What at first glance seemed to be merely another TSA mindless grab of cupcake frosting ended up having a silver lining.

The TSA confiscation of “gel-like” frosting on a packaged Wicked Good cupcake created an unexpected surge in orders for a small Massachusetts company that came up with a novel way to conserve its cupcakes without freezing them.

The story starts out with TSA inspectors confounded at finding a cupcake in a jar. Somehow they decided that the cupcake was a dangerous explosive.

The agent who first found my dangerously delectable snack consulted [REDACTED] about it just barely within my earshot. He responded hesitantly at first, saying that he was “not sure”–and “with the holidays coming, it’s getting harder and harder.” When he finally decided my treat was a no-go, I asked to speak with him directly, and he asserted that the frosting on this red velvet cupcake is “gel-like” enough to constitute a liquid, in part because it “conforms to its container.” Also: it “should have been in a zip-lock.”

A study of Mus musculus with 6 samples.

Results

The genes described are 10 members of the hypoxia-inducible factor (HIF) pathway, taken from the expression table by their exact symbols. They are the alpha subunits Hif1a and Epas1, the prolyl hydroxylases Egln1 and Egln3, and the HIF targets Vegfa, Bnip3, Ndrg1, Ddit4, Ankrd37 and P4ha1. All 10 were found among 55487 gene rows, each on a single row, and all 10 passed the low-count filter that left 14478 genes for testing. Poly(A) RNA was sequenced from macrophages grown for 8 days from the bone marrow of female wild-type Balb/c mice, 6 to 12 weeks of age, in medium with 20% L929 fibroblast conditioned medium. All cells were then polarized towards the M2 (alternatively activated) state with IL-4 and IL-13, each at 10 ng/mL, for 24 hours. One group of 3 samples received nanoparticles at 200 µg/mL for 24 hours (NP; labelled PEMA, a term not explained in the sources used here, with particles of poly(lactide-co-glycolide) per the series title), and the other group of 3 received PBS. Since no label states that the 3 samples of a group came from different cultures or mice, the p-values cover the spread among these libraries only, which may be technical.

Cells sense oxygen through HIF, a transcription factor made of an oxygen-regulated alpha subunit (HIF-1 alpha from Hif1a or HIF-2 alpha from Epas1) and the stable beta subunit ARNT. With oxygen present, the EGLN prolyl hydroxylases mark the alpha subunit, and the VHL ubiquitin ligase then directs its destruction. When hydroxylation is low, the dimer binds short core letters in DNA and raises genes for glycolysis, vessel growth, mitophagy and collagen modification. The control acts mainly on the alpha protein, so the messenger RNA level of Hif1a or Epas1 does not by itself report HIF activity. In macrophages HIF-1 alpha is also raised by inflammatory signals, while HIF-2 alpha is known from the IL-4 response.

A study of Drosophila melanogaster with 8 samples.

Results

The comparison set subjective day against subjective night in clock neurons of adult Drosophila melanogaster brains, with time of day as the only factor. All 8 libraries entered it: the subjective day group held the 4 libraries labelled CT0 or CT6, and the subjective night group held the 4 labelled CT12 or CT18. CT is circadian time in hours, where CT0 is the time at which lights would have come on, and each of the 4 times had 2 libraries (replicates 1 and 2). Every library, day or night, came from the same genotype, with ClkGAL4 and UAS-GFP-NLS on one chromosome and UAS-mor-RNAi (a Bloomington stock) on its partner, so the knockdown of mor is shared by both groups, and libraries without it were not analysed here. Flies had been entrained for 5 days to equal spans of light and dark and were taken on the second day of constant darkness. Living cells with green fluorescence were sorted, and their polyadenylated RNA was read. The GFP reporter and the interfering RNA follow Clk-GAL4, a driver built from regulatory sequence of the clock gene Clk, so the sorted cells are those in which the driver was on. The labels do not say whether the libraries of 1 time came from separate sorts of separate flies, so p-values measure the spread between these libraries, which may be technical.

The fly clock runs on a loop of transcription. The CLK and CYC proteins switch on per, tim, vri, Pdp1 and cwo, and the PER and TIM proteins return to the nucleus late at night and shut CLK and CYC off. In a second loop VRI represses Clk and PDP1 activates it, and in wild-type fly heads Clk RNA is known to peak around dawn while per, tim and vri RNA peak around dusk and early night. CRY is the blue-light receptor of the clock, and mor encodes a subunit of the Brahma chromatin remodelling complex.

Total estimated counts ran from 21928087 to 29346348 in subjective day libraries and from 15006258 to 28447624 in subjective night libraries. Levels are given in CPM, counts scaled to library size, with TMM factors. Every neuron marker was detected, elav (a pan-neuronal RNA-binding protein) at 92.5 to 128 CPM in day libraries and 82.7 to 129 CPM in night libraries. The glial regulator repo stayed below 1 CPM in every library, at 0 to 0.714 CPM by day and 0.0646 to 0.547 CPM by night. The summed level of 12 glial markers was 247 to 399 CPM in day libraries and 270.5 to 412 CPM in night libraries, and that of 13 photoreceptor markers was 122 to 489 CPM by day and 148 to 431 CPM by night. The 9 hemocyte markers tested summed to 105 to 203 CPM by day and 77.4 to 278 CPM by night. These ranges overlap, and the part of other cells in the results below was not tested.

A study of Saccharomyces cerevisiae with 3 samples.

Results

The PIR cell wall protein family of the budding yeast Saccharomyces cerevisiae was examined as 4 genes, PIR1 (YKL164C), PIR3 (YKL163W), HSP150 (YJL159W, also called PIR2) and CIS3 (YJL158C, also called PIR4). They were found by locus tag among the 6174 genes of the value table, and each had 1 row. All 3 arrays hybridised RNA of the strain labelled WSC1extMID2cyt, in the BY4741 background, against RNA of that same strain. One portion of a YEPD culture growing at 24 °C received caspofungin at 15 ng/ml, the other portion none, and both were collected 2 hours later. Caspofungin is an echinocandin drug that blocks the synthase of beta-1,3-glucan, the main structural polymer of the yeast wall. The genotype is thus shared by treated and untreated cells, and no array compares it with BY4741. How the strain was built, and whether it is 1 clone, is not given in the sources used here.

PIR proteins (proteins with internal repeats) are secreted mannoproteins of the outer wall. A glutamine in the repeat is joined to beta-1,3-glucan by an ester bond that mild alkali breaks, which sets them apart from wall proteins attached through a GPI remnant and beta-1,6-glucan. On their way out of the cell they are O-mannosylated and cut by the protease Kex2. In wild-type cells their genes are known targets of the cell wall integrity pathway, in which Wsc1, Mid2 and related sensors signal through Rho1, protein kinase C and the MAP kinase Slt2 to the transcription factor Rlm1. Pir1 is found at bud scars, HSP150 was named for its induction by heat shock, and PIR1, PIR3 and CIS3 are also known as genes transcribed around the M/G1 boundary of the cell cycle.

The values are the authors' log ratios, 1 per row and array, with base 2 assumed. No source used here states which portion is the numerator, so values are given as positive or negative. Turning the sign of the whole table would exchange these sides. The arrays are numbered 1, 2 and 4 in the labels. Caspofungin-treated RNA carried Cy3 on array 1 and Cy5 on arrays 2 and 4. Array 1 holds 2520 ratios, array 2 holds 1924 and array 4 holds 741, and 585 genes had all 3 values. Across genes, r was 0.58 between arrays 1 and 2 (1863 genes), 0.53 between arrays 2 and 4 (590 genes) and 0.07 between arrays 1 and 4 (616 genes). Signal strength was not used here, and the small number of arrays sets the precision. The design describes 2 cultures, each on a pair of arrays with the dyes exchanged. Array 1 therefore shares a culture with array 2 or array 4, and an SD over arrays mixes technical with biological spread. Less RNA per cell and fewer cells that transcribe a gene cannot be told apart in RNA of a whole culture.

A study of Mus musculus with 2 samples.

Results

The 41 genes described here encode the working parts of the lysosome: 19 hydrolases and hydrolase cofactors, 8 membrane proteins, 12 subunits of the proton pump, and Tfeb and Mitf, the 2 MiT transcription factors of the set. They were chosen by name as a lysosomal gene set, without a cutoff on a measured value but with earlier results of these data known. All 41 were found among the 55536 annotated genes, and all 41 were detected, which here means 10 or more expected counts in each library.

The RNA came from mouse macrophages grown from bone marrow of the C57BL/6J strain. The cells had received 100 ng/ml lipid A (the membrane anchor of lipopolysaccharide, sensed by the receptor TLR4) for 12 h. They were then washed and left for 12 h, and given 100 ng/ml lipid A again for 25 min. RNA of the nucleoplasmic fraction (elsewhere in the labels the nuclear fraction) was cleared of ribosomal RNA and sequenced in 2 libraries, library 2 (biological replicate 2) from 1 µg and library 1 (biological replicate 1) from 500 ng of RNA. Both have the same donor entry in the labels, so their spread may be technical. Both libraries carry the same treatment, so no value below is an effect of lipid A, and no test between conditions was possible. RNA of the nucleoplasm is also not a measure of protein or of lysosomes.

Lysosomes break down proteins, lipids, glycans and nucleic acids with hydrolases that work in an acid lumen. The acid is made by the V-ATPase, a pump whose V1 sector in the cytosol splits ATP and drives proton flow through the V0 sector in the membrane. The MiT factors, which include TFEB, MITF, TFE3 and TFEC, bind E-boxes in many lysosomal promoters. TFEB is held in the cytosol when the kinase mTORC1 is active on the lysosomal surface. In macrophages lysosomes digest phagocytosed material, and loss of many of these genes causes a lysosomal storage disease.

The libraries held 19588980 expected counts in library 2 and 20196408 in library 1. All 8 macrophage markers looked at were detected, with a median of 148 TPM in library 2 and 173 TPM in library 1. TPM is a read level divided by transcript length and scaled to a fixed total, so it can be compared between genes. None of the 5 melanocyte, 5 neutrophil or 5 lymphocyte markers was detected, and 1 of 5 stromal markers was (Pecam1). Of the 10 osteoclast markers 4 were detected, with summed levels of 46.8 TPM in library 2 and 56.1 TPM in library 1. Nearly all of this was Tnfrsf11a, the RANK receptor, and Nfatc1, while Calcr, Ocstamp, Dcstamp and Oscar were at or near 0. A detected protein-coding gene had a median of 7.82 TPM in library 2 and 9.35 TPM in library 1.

The surprising result was a rush of orders for the confiscated cupcakes felt in Cohasset, Massachusetts at Wicked Good Cupcakes.


They say no press is bad press, and the old adage certainly seems to be true for Wicked Good Cupcakes in Cohasset. Following the TSA’s confiscation of a Wicked Good “National Velvet” cupcake “to go,” business has been booming at the local bakery.

Orders have flooded in from all over the country, according to manager Brian Vilagie.

“The progression has been absolutely insane,” Vilagie said in a phone interview. The bakery, which opened in October, has done ten times more business in the past three days than they have over the past three months, the manager said.